NORWAY – Scandinavian financial services group Nordea is integrating its life insurance and pensions businesses in Norway.
The new joint management for the group’s Norwegian insurance companies is currently drawing up a merger plan with the head of life insurance and pensions operations, which it will unveil by the end of January.
“ The proposal on how the integration is going to be done and how quickly it can be done, will be presented to the board of directors by the end of the month, confirms Ib Mardahl-Hansen, head of life insurance and pensions at Nordea.
“When the merger with Christiania Bank og Kreditkasse (CBK), owner of Norske Liv and K-Fondsforsikring, was completed, we already had two companies in Norway, Vesta Life and Vesta Link. We are trying very hard to integrate the companies, because we are almost dealing with the same products and expertise in Vesta and CBK’s subsidiaries.”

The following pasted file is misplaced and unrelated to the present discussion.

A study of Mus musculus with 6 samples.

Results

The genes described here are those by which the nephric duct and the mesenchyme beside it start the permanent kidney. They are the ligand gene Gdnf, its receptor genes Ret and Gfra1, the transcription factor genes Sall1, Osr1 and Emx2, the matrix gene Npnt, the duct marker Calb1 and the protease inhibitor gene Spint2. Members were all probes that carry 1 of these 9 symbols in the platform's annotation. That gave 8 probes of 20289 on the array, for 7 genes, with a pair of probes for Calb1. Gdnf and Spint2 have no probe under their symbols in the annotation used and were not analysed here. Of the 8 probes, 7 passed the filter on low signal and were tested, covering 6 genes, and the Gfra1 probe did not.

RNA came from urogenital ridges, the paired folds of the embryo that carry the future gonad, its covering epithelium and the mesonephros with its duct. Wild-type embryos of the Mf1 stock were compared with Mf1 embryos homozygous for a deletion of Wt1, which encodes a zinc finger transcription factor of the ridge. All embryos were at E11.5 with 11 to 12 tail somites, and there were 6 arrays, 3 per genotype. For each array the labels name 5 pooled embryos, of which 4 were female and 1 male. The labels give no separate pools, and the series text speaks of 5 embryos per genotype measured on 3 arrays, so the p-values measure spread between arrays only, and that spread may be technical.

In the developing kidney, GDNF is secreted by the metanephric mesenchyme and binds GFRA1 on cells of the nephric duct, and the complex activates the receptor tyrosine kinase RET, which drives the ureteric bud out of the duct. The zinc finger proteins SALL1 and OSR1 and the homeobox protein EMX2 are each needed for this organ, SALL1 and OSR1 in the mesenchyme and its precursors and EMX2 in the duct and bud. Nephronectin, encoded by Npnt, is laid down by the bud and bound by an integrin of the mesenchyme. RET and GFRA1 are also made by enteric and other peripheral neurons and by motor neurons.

“We [Tryg-Baltica, the Danish insurance company, part of Unidanmark, now Nordea Companies_Denmark] bought Vesta group, a non-life company owning a life company in 1999 and we had to set up a new system, products and organisation with our own unit-link products, which has been going very well.”
Nordea concentrates on either life or non-life insurance in different Nordic countries. In Denmark and Norway the group has its own sales forces and business is mixed, but focuses mostly on the corporate side, Mardahl-Hansen says.
In Sweden and Finland, on the other hand, Nordea handles mainly retail insurance.
“We concentrate on selling through the retail banks, Merita and Nordbanken, which is mostly individual Unitlink and life business. I think the corporate market in Finland is out of our reach, there are those seven mutual companies dealing with pensions and our opportunities there are non-existent,” Mardahl-Hansen comments.
“Merita Life is already in the market and is actually the biggest life insurance company in the Nordea group, and in the Nordic region. A very successful company, Merita Life is owned by Merita Bank, and we have no immediate plans to change that.”
Mardahl-Hansen sees Sweden as a more positive growth area in institutional insurance. “In Sweden we are looking into expansion on the corporate side.
“ Business is very different from country to country, because legal and tax rules vary and the pension systems are very different from each other,” says Mardahl-Hansen.